Yankee Stadium and What’s Wrong with America

12:53 Fri 09 Oct 2009

Reporter Wright Thompson got an assignment to write about what having one of those seats is like, and his article “Seats of Gold” is excellent. Included in it is a damning critique of Wall Street, because the corrupt culture of brokers inducing traders to buy things includes lavishing them with all kinds of entertainment, including prime Yankees tickets:

In exchange for tickets, the trader orders whatever the broker is selling. Everybody wins. The broker gets his sale. The trader gets his seat behind the dugout. Well, almost everybody. You, I’m afraid, get screwed with your pants on. Wall Street was not only trifling with our financial future but also driving up ticket prices.

—Wright Thompson. “Seats of Gold”. ESPN, 5 Oct 2009.

Expensive tickets to sporting events are hardly a great tragedy, right? Particularly in comparison with the other problems this country has, and clearly the other effects of Wall Street corruption are more significant… but nevertheless, it’s culturally quite important that this is happening to baseball. Sport is extremely important in the American psyche, particularly the Big Three of football, baseball, and basketball. The tension between the sports teams as community foci and sports teams as capitalist engines has always been present, but is now perhaps reaching the point where it’s unsustainable.

The “Legends Suite” is separated from the rest of the seating by what’s been dubbed “the Moat”, to make sure that the high-rollers aren’t forced to mingle with the hoi polloi. But as Wright points out, it’s rather unlikely that anyone actually poor, or even not quite well-off, is in the stadium at all, and so “the Moat” is a barrier between the well-off and the ultra-rich:

The reason sporting events cost so much now, Luker’s research shows, is because they are designed to be affordable only to those making $150,000 or more a year.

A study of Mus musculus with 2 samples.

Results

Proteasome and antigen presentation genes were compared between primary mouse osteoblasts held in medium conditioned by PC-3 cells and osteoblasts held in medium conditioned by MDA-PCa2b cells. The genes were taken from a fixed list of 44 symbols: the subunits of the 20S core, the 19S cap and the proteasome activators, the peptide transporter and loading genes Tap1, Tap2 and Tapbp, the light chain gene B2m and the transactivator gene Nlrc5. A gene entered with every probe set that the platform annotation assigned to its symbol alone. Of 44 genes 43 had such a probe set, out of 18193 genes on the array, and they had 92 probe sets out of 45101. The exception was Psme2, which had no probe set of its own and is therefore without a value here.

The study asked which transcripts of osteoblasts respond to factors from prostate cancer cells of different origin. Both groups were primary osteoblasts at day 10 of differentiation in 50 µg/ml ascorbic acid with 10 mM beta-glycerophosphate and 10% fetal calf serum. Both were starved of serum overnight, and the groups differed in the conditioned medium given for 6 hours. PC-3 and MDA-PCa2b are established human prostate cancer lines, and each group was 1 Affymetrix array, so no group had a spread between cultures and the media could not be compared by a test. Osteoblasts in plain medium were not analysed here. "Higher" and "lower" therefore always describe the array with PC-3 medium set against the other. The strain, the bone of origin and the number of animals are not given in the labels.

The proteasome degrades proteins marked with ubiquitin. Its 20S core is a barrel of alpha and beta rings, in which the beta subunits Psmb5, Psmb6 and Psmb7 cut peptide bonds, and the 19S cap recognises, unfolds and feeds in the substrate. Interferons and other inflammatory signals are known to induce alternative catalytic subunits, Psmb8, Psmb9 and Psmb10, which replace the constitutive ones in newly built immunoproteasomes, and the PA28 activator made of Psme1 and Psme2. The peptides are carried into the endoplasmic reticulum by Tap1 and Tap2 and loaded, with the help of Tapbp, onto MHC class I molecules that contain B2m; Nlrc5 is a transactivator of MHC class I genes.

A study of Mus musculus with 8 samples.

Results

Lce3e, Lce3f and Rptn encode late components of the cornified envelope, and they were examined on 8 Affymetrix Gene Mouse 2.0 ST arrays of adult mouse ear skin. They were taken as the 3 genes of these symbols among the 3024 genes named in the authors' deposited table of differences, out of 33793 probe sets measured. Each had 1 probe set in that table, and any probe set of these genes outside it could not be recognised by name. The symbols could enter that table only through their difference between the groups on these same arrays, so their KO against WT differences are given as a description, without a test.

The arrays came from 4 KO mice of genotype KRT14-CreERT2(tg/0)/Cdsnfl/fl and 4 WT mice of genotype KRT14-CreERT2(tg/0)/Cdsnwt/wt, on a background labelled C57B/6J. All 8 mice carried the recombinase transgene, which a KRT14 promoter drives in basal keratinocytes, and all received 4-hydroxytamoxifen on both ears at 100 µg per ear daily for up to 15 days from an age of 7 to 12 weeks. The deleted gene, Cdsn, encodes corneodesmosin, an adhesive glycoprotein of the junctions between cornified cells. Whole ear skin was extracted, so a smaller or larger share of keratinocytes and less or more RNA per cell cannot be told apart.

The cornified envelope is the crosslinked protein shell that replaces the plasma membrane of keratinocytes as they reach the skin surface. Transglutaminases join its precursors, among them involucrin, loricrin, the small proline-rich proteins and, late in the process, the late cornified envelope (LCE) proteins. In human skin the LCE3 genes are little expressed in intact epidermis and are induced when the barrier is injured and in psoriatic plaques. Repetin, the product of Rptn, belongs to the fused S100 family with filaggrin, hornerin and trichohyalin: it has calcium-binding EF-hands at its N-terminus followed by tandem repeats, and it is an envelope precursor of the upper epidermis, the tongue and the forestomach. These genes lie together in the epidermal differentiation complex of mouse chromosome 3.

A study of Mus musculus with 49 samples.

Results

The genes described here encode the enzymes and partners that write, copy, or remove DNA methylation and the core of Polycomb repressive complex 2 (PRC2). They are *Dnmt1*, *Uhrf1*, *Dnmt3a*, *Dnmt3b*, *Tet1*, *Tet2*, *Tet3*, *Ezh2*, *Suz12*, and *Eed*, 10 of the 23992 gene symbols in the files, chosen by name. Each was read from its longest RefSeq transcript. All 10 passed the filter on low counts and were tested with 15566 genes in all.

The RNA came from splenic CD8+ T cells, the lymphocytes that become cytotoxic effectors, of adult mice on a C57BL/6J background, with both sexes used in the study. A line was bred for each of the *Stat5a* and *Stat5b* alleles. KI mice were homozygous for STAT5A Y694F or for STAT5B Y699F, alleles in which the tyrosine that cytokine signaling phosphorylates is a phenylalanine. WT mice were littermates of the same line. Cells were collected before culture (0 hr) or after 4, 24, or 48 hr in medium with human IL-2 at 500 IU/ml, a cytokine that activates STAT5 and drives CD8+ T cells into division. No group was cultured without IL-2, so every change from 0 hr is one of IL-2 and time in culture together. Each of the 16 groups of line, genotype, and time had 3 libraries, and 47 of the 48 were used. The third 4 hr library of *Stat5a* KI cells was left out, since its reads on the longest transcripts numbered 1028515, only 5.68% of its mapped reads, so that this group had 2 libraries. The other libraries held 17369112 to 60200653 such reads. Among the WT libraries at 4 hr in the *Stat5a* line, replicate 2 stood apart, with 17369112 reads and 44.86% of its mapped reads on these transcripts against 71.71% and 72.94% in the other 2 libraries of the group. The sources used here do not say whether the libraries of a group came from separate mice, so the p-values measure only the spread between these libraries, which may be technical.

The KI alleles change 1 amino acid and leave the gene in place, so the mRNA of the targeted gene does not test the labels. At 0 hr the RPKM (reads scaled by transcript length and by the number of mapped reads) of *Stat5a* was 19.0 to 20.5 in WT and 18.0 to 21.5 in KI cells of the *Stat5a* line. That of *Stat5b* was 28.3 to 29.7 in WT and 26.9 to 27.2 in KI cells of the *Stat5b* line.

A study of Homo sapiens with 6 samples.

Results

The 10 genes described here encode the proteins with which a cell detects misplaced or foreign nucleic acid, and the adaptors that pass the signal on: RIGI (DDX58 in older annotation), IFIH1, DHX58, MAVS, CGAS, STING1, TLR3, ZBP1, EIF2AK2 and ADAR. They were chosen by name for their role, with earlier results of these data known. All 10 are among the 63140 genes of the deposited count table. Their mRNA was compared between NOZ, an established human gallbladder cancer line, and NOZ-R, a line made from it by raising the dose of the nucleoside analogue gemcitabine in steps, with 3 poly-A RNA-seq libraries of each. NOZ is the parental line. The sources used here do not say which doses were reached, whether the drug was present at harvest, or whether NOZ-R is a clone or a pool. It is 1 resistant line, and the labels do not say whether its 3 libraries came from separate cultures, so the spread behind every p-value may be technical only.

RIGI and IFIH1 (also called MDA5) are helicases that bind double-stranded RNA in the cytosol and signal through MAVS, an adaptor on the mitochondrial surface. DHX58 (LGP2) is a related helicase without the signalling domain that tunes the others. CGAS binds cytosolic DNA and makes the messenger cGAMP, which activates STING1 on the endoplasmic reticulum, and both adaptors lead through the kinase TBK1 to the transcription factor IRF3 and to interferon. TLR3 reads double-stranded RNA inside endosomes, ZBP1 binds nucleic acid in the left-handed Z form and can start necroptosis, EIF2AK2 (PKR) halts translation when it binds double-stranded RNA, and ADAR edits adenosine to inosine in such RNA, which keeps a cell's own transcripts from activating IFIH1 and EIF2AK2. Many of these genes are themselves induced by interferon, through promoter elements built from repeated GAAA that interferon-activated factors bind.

This wasn’t always true. Ten years ago, it was cheaper to go to a baseball game than to a movie in half of the big league markets (take away parking at the game, and it was cheaper in every market). Today, there isn’t a single city in America where it costs less to go to a major league game than to a movie.

—Wright Thompson. “Seats of Gold”. ESPN, 5 Oct 2009.

Also mentioned in this article about Yankee Stadium is a survey that purportedly shows that American households earning $75,000 or less per year have zero dollars of discretionary income. Clearly this is important for reasons far beyond the implication that these households can never go to sports events without it being a significant splurge, but that does underscore the fact that major live professional sports events in the US are now beyond the reach of a significant majority of the population (the article estimates 75% of Americans can’t really afford them).

The article discusses the future implications for sports, also noting that this decade, for the first time, the largest demographic block of sports fans is not boys between the ages of 12 and 17. The larger significance, however, is the extension of grotesque economic inequality and exclusion into yet another major arena of American life, one that in the past was strongly associated with working-class culture.

Note that the Yankees organization are merely the most egregious offenders here; all of the ball clubs are operating on more or less the same principles. As such, it’s almost inevitable that they would shift their own practices to reflect an economy in which wealth is more and more concentrated. What’s happening with baseball is the result of this concentration, and it’s hard to see any sphere of American life being resistant to the same pressures in the long term.